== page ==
This has been quite the week and my RSS reader is chuck full of all kinds of stuff. The big news this past week was the unveiling of Scientific American’s new blog network featuring several bloggers that I usually mention here. Congratulations to Krystal D’Costa of Anthropology in Practice, Jennifer Frazer of the Artful Amoeba, James Byrne of Disease Prone and S.E. Gould of Lab Rat. Update your RSS readers for their new digs or just keep coming here.
My reader is so full of such diverse stuff since the last round-up, I’m just going to pick out things that particularly grabbed me earlier in the week or appeal largely to the mood I happen to be in now.
Bamburgh Research Project has had multiple excavation updates including the discovery of the gold above. See their website for the updates.
Past Horizons has a post up on the discovery of a Viking coin hoard in Furness in NW England.
Rosemary Joyce at Ancient Bodies, Ancient Lives has an interesting post on gendered views of human muscle physiology.
I have a post up here on the discovery of trench fever in a early 19th century German mass burial. and a discussion of paleomicrobiology.
History and History of Science
C M Doran, the Febrile Muse, brings us George Bernard Shaw’s paradoxical views on vaccination .
Jourdemayne brings us the Vampires of Rhode Island, who had a unique reaction to tuberculosis in their community.
Jo Merchant of Decoding the Heavens brings us a post on her talk from the World Conference of Science Journalists about adding history to science journalism, and a set of interesting posts on how to write about science, part 1 and part 2.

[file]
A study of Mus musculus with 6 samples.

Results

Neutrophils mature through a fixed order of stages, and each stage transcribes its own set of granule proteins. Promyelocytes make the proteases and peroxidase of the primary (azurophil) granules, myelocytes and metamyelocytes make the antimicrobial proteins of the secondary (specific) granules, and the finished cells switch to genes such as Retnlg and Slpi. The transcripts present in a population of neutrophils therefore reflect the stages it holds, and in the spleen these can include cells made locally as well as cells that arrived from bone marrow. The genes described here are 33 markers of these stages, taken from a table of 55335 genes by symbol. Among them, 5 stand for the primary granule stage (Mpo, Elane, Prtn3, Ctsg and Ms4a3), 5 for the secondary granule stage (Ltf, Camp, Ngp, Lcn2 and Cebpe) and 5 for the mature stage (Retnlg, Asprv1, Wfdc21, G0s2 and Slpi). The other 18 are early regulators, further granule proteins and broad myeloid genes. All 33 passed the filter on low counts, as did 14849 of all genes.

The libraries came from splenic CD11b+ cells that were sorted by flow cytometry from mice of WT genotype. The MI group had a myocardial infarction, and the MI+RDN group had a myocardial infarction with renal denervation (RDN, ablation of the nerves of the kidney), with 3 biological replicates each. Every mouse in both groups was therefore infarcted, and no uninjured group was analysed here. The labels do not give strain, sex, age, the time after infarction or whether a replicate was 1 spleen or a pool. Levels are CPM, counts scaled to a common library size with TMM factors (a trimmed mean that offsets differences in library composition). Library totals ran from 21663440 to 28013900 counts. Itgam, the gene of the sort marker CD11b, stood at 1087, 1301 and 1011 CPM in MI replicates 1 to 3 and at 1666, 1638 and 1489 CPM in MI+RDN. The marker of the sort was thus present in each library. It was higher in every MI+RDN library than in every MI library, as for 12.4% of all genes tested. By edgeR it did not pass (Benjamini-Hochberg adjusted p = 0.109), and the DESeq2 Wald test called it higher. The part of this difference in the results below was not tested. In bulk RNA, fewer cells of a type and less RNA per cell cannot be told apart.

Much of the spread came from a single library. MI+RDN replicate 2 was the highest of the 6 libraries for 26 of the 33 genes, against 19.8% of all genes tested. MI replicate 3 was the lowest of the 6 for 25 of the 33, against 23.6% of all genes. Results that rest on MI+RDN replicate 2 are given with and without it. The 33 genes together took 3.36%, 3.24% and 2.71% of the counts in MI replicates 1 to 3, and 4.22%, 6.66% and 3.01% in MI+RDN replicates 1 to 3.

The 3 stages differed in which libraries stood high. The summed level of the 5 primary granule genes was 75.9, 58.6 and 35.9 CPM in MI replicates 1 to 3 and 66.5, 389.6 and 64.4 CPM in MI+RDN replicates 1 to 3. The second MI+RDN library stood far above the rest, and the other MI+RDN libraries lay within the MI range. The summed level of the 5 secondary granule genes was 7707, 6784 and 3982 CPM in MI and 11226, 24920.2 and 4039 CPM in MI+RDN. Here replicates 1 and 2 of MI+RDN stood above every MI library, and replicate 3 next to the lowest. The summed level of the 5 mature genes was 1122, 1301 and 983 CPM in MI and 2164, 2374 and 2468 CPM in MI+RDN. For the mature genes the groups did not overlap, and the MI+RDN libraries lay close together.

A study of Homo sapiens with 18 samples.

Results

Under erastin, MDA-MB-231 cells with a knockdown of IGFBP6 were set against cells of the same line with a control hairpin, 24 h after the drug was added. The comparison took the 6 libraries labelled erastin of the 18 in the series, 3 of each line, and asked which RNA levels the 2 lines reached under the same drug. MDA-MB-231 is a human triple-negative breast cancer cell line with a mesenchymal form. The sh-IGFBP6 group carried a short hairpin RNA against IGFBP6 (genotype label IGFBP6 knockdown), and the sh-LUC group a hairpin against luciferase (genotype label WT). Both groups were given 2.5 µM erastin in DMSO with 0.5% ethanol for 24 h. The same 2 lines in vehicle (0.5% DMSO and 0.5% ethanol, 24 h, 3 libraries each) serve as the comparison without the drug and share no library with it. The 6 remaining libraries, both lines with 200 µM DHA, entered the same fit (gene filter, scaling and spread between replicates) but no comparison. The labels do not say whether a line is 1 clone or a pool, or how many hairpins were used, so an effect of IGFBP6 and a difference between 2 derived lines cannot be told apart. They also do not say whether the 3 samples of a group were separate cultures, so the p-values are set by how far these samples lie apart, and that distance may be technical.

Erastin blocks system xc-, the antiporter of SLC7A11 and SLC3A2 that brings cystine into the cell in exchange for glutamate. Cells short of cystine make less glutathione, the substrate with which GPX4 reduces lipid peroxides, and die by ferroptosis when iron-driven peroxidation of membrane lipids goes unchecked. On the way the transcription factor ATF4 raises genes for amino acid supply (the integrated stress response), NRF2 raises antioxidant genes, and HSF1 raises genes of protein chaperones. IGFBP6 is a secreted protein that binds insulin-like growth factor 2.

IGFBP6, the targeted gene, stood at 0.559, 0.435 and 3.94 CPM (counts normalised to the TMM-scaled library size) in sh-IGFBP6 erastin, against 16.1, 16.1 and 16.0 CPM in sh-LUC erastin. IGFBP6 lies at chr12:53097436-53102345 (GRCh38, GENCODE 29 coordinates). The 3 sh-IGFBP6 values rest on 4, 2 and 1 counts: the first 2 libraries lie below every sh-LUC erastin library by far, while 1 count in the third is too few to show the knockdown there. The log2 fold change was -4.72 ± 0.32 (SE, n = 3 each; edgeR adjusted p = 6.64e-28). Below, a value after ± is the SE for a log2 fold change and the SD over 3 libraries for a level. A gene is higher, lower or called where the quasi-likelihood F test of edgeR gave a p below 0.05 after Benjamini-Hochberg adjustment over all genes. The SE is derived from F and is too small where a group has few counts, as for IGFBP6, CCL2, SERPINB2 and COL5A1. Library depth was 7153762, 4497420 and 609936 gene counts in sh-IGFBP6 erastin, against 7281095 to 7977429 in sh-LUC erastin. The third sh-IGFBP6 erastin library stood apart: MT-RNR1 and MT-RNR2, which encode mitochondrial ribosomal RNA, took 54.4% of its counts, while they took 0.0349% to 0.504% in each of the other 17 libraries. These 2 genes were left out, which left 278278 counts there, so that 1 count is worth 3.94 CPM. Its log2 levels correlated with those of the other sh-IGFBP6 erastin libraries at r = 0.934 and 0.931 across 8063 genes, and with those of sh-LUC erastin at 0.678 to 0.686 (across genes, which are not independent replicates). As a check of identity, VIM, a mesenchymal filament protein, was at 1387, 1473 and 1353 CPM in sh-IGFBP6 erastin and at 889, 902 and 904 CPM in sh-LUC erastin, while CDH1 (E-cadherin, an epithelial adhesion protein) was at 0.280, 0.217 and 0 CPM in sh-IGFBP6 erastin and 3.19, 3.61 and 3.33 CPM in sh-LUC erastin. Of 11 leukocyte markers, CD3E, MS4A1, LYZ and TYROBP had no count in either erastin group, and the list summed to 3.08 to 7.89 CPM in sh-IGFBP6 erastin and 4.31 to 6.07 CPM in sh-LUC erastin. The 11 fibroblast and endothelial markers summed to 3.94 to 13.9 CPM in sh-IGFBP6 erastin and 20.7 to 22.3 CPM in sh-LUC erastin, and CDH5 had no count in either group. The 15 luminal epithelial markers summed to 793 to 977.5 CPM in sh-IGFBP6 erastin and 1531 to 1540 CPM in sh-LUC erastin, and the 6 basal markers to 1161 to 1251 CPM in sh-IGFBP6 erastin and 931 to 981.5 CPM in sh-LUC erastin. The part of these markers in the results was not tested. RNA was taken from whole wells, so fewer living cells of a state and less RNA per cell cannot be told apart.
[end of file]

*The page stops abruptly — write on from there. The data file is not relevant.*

Tim Clarkson of Senchus has an interesting post on Welsh kings in the English court in the time of Alfred the Great’s grandsons.
Guy Halstall of Historian on the Edge is getting philosophical again. This time on judging history from Charlemagne to the Natzi!
Razib Kahn of Gene Expression explains how genetic drift and infrequent intermarriage blends human migrations into new populations.
Maryn McKenna of Superbug alerts us to a new multidrug-resistant strain of gonorrhea.
The Lab Rat brings us some electric bacteria in her first post at Scientific American.
Jennifer Frazer of the Artful Ameoba brings us a post on rock snot at her new Scientific American digs. I always wondered what that stuff was. It looks like decaying pond scum on land. She also has a good post on the incredible, inedible pine cone at her old blog.